June 28, 2013

James O'Keefe

James O'Keefe

James O’Keefe’s new book Breakthrough is a spine-tingling true-crime thriller about the quest for truth in the age of media obfuscation. I love reading Coulter and Mark Steyn, but they don’t get out much.

O’Keefe and his organization Project Veritas are out there on the front lines recording the corruption live. The book begins with James in jail wearing an orange jumpsuit and wondering what the fuck just happened. We soon learn that the James O’Keefe we’ve been spoon-fed by the media is not even close to the real person and that the things we’re told he did aren’t even close to what really happened. O’Keefe recorded events and released the footage in full to the public, yet he’s called a liar while his detractors make up stories about him that are accepted as fact. As usual, what you read in the paper is the opposite of what’s really happening. I recently interviewed O’Keefe, and here are ten misconceptions about Project Veritas’s renegade reporting. 

In 2008, James contacted Planned Parenthood and asked if he could donate money specifically to visible minorities in order to encourage their abortions. They said yes.
Detractors say: This was an isolated incident and immediately after the visit, the employee called his superiors.
James’s defense: “The ‘isolated incident’ defense is the most common one. So is the ‘low-level employee’ defense. In this case, they couldn’t use the latter because the vice president was on board. The truth is, Planned Parenthood was founded as a racist organization and it focuses on black areas. Founder Margaret Sanger was tied to the eugenics movement and said we need ‘drastic and Spartan’ measures to stop an ‘ever increasing army of undersized, stunted, and dehumanized slaves.’ She also said, ‘We do not want word to go out that we want to exterminate the Negro population.’ All we did was show that things over there haven’t changed much.”

“The James O’Keefe we’ve been spoon-fed by the media is not even close to the real person.”

In 2009, James and Hannah Giles walked into various ACORN offices and asked for help setting up a brothel. They explained that he was a pimp and she was his bottom bitch.
Detractors say: They posed in ridiculous pimp and ho costumes for the press photos, but that’s not what they were wearing at the meetings with ACORN. Also, if James isn’t guilty of a crime, why did he settle out of court?
James’s defense: “First of all, who cares if I wasn’t wearing a fur coat during the tapings? What matters is ACORN tried to help me start a brothel. Their employees shouldn’t be one coat away from a bad decision. As far as settling goes, I tried to defend myself, but privacy rights are a very ambiguous area of law and it was looking like a million-dollar fight that would have cost me years in court. I cut my losses because I had no other choice.”

In 2010, when James was contacted by CNN, he decided to do a parody interview with them because he knew they didn’t take his work seriously anyway. (They called the first ACORN video “isolated” even though there were many of them.) He developed a scenario that included a yacht and champagne and was going to portray himself as a ridiculous playboy character for a laugh.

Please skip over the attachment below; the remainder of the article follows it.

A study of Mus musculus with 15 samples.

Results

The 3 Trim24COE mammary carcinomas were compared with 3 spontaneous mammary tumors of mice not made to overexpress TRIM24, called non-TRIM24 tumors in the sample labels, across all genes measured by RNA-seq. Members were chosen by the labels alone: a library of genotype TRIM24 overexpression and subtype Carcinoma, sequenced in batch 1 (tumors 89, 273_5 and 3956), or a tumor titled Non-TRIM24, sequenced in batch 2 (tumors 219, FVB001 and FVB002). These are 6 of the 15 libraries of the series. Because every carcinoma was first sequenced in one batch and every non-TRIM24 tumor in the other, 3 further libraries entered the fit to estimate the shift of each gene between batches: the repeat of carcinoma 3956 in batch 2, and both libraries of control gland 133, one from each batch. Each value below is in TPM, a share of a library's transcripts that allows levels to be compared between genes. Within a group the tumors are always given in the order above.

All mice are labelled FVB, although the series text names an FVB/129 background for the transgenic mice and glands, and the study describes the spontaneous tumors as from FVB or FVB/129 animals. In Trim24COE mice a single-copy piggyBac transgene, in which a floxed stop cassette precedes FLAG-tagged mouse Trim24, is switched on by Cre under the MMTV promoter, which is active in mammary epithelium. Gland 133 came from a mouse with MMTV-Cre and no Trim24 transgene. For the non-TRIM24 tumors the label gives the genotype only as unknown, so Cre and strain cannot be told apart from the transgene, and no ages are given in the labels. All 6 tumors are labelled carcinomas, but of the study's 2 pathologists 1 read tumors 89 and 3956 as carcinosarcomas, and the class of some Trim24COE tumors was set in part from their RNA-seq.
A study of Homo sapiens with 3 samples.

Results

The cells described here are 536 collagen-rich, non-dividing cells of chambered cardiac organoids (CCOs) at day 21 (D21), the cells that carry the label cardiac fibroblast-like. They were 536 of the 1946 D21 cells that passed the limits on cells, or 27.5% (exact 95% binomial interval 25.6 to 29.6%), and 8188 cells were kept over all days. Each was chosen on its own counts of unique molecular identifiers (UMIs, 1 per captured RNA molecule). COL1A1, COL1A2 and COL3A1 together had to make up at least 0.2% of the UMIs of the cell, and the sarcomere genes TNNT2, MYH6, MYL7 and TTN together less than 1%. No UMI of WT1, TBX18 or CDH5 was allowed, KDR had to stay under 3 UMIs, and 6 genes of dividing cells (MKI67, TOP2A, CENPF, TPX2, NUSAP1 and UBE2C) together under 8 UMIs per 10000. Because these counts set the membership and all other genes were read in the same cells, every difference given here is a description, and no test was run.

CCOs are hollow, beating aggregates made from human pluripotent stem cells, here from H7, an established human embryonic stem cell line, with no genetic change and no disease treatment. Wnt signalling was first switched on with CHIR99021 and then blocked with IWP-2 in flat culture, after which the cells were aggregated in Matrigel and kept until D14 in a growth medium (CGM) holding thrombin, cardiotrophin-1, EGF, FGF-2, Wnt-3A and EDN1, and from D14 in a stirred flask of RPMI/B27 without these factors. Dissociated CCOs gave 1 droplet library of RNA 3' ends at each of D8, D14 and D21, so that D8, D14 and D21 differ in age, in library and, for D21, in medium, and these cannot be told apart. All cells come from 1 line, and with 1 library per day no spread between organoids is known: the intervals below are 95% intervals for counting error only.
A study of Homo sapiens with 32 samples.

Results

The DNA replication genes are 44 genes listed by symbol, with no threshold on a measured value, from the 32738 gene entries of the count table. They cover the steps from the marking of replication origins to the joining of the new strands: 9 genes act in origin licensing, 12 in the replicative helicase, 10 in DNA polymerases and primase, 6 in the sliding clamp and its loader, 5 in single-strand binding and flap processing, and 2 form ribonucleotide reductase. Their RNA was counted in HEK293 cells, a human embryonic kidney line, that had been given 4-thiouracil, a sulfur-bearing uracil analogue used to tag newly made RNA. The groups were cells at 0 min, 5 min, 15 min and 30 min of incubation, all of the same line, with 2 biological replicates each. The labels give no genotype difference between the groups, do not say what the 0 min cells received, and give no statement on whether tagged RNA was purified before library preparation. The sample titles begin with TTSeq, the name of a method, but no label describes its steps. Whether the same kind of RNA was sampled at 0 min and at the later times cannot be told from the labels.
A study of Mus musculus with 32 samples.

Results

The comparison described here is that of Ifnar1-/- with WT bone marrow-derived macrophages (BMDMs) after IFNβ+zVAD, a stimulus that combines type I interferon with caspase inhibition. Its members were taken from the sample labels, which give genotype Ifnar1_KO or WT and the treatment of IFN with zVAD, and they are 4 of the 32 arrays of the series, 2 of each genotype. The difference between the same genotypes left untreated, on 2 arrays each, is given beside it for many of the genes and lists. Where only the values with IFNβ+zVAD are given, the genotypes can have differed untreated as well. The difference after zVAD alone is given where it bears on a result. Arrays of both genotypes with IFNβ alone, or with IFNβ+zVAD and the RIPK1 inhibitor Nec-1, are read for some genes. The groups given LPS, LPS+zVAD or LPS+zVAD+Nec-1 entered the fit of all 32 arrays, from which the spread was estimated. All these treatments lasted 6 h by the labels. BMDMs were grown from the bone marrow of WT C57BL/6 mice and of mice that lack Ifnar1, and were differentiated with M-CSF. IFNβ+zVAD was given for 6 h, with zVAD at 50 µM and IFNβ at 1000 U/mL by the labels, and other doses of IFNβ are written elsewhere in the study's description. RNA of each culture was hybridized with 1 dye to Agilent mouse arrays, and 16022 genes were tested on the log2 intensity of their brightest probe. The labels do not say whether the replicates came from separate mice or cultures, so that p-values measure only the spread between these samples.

Detractors say: James O’Keefe planned to rape a CNN reporter and film the whole thing. He chickened out. It’s all listed in emails he sent back and forth to colleagues.
James’s defense: “What? Who would film themselves committing a rape? The emails never said that and for the record, I wasn’t happy about many parts of those emails. They were not my plan and I had no intention of doing anything more than waste their time à la reporters on The Daily Show. Not my greatest idea, but not even in the same universe as what the detractors say was going to happen.”

Also in 2010, James and members of Project Veritas went to a teacher’s union meeting and talked to teachers who were gloating about how hard it was for them to get fired. One said you’d have to be caught fucking a student and another said you’d have to say “nigger.”
Detractors say: Actors staged fake conversations.
James’s defense: “The journalists didn’t say they were journalists, but the teachers really did say those things and one of them was suspended after admitting it was her on the tape. They weren’t ‘fake conversations.’ They were undercover recordings. Unfortunately, once they call our guys actors, the whole thing is portrayed as a play.”

Also in 2010, James and three others from Project Veritas gained entry into the US Senator from Louisiana’s office claiming to be telephone repairmen. James had heard Landrieu complaining about Tea Party activists clogging her phone lines, and he wanted to catch her bad-mouthing her constituents off the record.
Detractors say: James broke into her office and tried to bug her phone lines illegally.
James’s defense: “I had no intention of bugging her phone lines but for the sake of argument, why is the mainstream media so worried about politicians’ rights? Why are they sticklers for the law all of a sudden? If you want to get into the specifics of what I legally did wrong, I told a receptionist I was waiting for someone when in fact I wasn’t. That was my crime. This was twisted into a situation where we have a federal judge pressuring the magistrate by filing a motion days before my sentencing, implying I could have killed a judge in the federal building. What nobody knows about this case is that the judge, Magistrate Daniel Knowles III, had the footage deleted so I couldn’t even defend myself properly. The legal community called the whole twisted case ‘highly unusual.’ All I wanted to do was catch her off-guard, but we were charged with entering a federal building under false pretenses and I got three years’ probation, which meant I was prohibited from leaving the state. Drug dealers are treated better for misdemeanors like that.”